Ever since Nastassja Klipsch, now a senior in University of North Texas’s (UNT) Hospitality program, was a little girl, she has been helping her father in the kitchen. At 14, she worked in her father’s catering business and at 16, ran the concession stand at his outdoor music venue. This past April the daughter and father team had the chance to work together again as part of UNT’s Guest Chef Day program at the school’s student-run restaurant, the Club at Gateway Center.
Once a semester UNT’s Department of Hospitality and Tourism Management invites a local, professional chef to develop a three-course luncheon menu, facilitated by the school’s hospitality students. For last month’s Guest Chef lunch, Nastassja and her father, Andrew Klipsch created a menu that featured rolls with rosemary butter, Arcadian leaf salad with fresh berries and poached pear, paneed pork with a dark cherry mustard sauce, garlic mashed potatoes, blistered green beans, carrots in a sweet soy reduction, and a chocolate mousse with mint-scented whipped cream.
In this case, Klipsch is not just a local chef – he’s a pillar of the UNT dining program. “Andrew is the general manager and chef of UNT’s Bruce Cafeteria, which serves up to 5,000 guests a day and has an incredibly good reputation for quality food,” says Joe O’Donnell, general manager of the Club at Gateway Center.
A hospitality student serves a customer at a guest chef event.
Klipsch is also involved in the management and operations of multiple campuswide cookout events throughout the year and is also pursuing a master’s degree at UNT in interdisciplinary studies. His culinary experience includes owning restaurants, bars and a catering facility; and he has been a corporate chef, executive chef and has managed catering, concessions and foodservice for race tracks, music venues, golf courses and private clubs.
Klipsch’s Guest Chef luncheon was very well received by the guests, according to O’Donnell. “It kind of tells you something because it was a simpler menu than many of them have been,” he says. “His menu had a little bit of a German influence to it, and it was very well executed. Our guests enjoyed it immensely.”
Beyond the menu, O’Donnell also says Klipsch’s even-keeled demeanor with students was also well-received. “Most of our students don’t have a food and beverage background and this program is intended to expose them to working with the different personalities and visions of chefs, some of who have a more aggressive method of communicating,” says O’Donnell.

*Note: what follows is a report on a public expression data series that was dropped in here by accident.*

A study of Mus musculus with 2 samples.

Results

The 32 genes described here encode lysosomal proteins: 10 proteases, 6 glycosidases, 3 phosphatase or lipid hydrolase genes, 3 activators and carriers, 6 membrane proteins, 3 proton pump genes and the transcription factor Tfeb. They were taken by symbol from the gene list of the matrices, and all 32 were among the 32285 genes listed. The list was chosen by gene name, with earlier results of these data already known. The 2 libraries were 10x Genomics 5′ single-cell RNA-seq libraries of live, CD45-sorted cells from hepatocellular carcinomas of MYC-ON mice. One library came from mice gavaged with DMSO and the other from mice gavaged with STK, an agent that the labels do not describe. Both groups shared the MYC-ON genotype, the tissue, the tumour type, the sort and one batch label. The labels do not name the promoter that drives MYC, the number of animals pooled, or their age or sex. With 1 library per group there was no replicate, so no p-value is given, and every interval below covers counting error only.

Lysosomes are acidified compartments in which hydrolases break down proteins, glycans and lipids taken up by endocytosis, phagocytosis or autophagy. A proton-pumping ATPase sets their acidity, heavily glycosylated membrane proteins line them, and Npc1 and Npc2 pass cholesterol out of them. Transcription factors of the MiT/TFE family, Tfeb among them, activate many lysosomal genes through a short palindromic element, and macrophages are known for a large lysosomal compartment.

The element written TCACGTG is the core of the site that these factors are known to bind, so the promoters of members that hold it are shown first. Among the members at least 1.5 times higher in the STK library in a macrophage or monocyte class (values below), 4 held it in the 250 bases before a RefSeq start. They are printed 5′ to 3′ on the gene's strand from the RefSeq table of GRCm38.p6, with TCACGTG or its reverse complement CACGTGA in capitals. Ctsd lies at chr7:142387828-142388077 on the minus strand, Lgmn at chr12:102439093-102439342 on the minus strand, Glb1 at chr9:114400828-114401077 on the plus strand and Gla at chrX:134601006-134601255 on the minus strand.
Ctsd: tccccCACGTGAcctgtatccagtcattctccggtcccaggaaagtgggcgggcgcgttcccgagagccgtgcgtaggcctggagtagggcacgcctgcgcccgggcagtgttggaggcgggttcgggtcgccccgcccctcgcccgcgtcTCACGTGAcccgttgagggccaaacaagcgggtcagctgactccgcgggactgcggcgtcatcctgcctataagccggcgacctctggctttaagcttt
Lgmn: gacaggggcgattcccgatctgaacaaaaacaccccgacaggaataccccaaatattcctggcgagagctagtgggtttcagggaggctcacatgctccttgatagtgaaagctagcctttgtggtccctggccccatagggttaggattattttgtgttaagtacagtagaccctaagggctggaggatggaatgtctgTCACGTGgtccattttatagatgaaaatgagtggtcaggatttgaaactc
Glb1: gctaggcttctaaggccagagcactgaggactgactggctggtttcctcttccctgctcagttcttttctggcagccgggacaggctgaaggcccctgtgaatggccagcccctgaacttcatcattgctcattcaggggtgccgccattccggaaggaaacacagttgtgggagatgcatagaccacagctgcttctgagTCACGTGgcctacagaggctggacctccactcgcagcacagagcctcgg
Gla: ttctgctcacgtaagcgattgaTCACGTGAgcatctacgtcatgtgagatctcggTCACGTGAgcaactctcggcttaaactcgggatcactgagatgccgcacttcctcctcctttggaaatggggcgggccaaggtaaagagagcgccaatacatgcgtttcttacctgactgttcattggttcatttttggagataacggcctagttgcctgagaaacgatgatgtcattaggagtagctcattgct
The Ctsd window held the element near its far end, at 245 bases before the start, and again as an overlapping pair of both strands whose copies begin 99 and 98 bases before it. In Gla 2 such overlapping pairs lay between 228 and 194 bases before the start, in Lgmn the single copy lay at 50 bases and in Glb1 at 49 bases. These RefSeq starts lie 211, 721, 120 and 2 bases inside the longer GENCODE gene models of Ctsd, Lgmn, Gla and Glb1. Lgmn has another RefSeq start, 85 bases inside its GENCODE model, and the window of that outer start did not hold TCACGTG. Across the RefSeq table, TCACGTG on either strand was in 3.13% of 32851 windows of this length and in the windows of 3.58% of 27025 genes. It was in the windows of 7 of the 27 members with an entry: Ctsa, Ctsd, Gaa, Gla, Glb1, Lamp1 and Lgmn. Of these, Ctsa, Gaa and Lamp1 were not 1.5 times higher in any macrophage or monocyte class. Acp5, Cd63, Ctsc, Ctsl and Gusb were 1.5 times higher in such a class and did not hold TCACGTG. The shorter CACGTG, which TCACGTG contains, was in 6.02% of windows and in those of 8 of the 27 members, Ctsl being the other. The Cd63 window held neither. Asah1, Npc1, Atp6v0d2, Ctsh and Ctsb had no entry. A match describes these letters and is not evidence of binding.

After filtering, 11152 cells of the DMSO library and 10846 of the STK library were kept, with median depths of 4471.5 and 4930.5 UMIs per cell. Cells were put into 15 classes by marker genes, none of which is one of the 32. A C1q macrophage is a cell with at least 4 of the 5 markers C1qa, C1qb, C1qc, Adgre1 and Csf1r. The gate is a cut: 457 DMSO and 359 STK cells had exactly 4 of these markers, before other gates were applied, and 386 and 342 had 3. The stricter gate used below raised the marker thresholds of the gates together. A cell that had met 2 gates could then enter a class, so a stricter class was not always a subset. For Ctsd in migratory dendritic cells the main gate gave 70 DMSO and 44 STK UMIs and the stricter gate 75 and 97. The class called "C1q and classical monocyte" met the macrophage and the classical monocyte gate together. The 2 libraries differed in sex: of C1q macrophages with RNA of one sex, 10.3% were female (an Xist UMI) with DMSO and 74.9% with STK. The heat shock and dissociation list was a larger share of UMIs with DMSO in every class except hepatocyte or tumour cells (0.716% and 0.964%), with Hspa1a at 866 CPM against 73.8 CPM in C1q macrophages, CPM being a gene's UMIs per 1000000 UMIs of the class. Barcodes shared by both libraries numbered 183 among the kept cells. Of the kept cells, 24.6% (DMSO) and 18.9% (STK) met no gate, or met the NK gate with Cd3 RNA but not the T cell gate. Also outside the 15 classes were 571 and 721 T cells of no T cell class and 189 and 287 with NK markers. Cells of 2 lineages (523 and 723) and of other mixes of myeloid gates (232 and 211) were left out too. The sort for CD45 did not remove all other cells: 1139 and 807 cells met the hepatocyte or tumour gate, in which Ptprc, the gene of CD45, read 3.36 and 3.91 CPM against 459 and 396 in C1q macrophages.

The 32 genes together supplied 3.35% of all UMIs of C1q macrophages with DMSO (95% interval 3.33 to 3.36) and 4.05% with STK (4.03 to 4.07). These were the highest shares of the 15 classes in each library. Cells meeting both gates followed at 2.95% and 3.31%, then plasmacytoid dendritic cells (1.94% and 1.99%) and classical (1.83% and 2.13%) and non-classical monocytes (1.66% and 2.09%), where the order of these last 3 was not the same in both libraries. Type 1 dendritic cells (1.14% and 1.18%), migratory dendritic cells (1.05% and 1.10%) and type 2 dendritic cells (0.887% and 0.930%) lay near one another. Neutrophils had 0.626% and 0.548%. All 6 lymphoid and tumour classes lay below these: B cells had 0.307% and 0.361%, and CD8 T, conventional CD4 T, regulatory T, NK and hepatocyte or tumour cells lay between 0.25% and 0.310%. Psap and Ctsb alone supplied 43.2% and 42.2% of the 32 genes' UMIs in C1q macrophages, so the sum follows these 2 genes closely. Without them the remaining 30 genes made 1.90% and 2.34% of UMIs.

Exposure to working chefs is just one part of the program. All UNT students earning bachelor’s degrees in hospitality management must enroll in two restaurant operations courses and spend two semesters in the Club at Gateway Center to practice fine-dining service techniques, management skills, menu planning, financial management, marketing techniques and food production. “In a 16-week semester, the restaurant is only open for nine weeks,” says O’Donnell. “Each week the students rotate through roles of servers, managers, and the various positions in a restaurant.”
O’Donnell says that when the class first started, about half of the students had interests or backgrounds in food and beverage, but now only about 10% of the students do. “These days, the students are more interested in managerial roles, front desk operations, revenue management, special event planning and destination management,” says O’Donnell. “But it's critical that they understand food and beverage operations because it touches any other part of the business that they're going to be in, and it's one of the more difficult parts.”
Through the Guest Chef program, the Club is not only able to attract the campus and surrounding community for what’s typically a sold-out lunch, the program also adds real-world experience to their student’s education. Past guest chefs since the program started 30 years ago have included those from local, well-regarded restaurants, large-scale hotels and even recipients of the American Culinary Federation’s USA Chef of the Year award.
O’Donnell says the invited chefs have total freedom to create their luncheon menu. “I just ask them to develop a three-course menu and to try to keep cost under $15,” says O’Donnell, “and that’s usually not a problem when they work it out with our chef instructor.”
As an added benefit, bringing in local culinary professionals strikes up new relationships for the hospitality department, which creates new channels for its graduates to land internships and employment.